Moving to Finland
Finland is the easternmost of the Nordic countries and the seventh largest country in Europe. The country has a population of 5.4 million. Helsinki is Finland's capital and is folowed in population size by the towns of Espoo and Tampere.
As Finland’s busiest port, Helsinki spills across a group of Baltic islands and promontories, and its smart new suburbs extend into the surrounding forests and countryside. The city is one of Europe’s most modern and culturally progressive places, yet remains in touch with an intriguing history that stretches back over 450 years. It's a city of bustling, colourful market squares and halls, of outdoor summer concerts and sports events, of seaside parks, excellent cafés and restaurants for every taste and budget, top-notch hotels and cutting-edge museums. It is also a pleasantly compact city, with many of the attractions in the central districts within easy reach of one another.
It may take expats living in Finland a while to adapt to cultural differences. The general perception is that Finns are a reserved and quiet people, although this isn't always the case with the younger generations. Small talk, a skill which Finns are notoriously lacking, is considered with suspicion. These social silences are often a big problem for intercultural communications as it can lead to many misunderstandings. Expats would do well to learn Finnish, the official language, or Swedish, the other national language spoken by a minority of the population, depending on which area of the country they're relocating to. However, as with other Scandinavian countries, the Finns are suspicious of Swedish and can often be fiercely proud of their language.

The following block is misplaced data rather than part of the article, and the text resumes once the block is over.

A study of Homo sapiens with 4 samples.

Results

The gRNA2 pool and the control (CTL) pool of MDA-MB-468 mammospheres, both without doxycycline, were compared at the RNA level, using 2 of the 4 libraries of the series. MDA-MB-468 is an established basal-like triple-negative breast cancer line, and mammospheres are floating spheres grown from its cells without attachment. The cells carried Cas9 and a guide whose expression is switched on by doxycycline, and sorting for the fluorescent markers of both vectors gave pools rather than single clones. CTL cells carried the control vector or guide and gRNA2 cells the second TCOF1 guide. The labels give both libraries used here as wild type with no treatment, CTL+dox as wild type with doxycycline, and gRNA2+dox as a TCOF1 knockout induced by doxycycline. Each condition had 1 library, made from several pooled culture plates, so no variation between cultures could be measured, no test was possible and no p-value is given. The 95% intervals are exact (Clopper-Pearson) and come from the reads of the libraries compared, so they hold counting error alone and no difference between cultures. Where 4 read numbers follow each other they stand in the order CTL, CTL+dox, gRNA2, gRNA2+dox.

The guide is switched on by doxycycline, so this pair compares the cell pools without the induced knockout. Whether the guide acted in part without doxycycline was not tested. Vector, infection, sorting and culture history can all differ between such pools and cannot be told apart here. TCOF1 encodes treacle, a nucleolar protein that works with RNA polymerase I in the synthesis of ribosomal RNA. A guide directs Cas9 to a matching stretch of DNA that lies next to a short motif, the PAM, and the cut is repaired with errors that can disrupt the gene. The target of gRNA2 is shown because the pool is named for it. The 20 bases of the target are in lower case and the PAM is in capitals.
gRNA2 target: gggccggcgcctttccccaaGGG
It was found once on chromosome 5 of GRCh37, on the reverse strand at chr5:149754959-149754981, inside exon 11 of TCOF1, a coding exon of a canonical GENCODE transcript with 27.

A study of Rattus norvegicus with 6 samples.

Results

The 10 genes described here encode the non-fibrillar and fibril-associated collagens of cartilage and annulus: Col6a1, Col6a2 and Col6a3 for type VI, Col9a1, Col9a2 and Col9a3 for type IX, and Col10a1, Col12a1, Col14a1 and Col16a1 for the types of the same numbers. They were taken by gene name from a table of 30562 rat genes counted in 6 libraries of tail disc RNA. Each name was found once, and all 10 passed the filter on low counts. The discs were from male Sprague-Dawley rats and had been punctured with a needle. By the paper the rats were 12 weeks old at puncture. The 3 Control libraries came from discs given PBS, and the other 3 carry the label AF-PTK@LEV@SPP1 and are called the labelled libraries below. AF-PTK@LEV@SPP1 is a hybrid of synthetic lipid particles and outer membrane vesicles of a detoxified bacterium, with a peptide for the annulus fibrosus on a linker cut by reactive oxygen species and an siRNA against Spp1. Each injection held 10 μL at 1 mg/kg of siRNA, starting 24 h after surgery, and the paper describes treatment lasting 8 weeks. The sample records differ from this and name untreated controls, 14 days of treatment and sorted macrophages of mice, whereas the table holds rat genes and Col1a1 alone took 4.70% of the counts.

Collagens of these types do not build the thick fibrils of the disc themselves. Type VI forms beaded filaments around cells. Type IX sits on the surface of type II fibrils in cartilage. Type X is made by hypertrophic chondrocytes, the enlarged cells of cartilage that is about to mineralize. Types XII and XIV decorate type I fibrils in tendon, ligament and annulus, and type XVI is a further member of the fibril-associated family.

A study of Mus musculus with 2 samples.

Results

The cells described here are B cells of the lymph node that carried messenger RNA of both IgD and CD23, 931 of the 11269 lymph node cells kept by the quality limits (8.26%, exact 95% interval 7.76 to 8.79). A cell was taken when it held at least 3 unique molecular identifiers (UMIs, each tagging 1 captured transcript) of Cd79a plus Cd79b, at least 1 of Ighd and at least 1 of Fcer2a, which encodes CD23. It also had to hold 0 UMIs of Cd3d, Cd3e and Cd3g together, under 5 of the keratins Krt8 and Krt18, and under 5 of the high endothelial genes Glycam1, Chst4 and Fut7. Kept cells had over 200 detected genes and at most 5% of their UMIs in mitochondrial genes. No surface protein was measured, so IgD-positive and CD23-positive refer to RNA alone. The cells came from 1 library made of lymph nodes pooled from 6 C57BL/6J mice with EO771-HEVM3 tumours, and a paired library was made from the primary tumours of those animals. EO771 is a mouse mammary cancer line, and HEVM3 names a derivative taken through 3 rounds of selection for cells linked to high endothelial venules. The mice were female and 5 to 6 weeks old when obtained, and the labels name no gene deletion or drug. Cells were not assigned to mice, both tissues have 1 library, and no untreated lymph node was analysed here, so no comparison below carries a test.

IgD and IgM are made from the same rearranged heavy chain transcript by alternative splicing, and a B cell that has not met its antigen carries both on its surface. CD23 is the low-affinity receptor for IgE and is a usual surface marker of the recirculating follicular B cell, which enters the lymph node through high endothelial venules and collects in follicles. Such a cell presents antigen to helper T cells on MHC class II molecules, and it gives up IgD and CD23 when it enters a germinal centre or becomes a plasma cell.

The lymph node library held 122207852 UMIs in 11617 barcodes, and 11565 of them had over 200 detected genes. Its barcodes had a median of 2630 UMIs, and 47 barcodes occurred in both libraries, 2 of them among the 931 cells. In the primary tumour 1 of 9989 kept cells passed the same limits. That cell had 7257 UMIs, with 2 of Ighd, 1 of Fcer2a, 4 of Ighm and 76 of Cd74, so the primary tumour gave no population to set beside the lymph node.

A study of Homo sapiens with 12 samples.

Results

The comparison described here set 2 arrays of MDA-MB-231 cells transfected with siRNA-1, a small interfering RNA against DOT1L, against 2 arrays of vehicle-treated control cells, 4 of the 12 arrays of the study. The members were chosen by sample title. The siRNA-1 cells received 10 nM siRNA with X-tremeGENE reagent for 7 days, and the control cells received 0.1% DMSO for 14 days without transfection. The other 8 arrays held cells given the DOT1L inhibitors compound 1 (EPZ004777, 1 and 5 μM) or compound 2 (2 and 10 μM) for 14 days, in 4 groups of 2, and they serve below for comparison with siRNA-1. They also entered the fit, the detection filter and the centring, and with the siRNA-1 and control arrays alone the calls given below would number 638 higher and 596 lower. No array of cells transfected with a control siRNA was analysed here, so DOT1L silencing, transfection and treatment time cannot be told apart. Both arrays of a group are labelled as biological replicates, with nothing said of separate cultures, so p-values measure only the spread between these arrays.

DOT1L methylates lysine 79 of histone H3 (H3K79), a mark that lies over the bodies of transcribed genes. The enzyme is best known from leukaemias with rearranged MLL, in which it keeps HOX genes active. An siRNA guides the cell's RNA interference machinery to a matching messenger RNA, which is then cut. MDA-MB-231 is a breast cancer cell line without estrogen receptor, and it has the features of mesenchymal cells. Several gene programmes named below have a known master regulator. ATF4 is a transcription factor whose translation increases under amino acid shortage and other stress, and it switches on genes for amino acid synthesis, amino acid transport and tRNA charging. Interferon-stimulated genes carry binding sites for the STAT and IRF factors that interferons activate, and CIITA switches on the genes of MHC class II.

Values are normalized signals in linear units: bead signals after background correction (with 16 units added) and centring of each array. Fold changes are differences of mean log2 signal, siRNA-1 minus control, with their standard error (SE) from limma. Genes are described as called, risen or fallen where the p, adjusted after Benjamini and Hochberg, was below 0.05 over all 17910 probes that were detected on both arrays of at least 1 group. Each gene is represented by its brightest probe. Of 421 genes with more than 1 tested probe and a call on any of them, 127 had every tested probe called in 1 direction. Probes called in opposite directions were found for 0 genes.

Home ownership rates in Finland are high, and expats moving to Finland will find that housing has all the modern conveniences. However, housing projects and individual homes tend to be small-scale by international standards. Housing markets are clearly differentiated in different parts of the country. Helsinki and other growth centres are suffering from housing shortages and high prices, while, in most municipalities, the housing market is more balanced. Apart from the trends in the housing market, the most important long-term factor affecting housing costs is the shortage of reasonably priced housing available in the Helsinki metropolitan area. This forces families with children who want to live in their own houses to live in the surrounding municipalities or even further. This results in long and expensive journeys to work, increasing dependence on cars and limiting access to services.
Healthcare in Finland is mainly provided on the basis of residence and is primarily financed with general tax revenues. There are both public and private sector providers. Primary health services are generally the responsibility of municipalities and are provided through local health centres. Each municipality has a health centre, with the exception of some small municipalities, which may share resources with a neighbouring municipality. In addition, there are a few private as well as some state-owned hospitals.
Education is mandatory in Finland and school attendance is compulsory for all children, including foreign citizens who reside permanently in Finland. Most major cities in Finland have good quality local and international schools, but are likely to have a waiting list. For these reasons it is vital to start looking for a school as early as possible.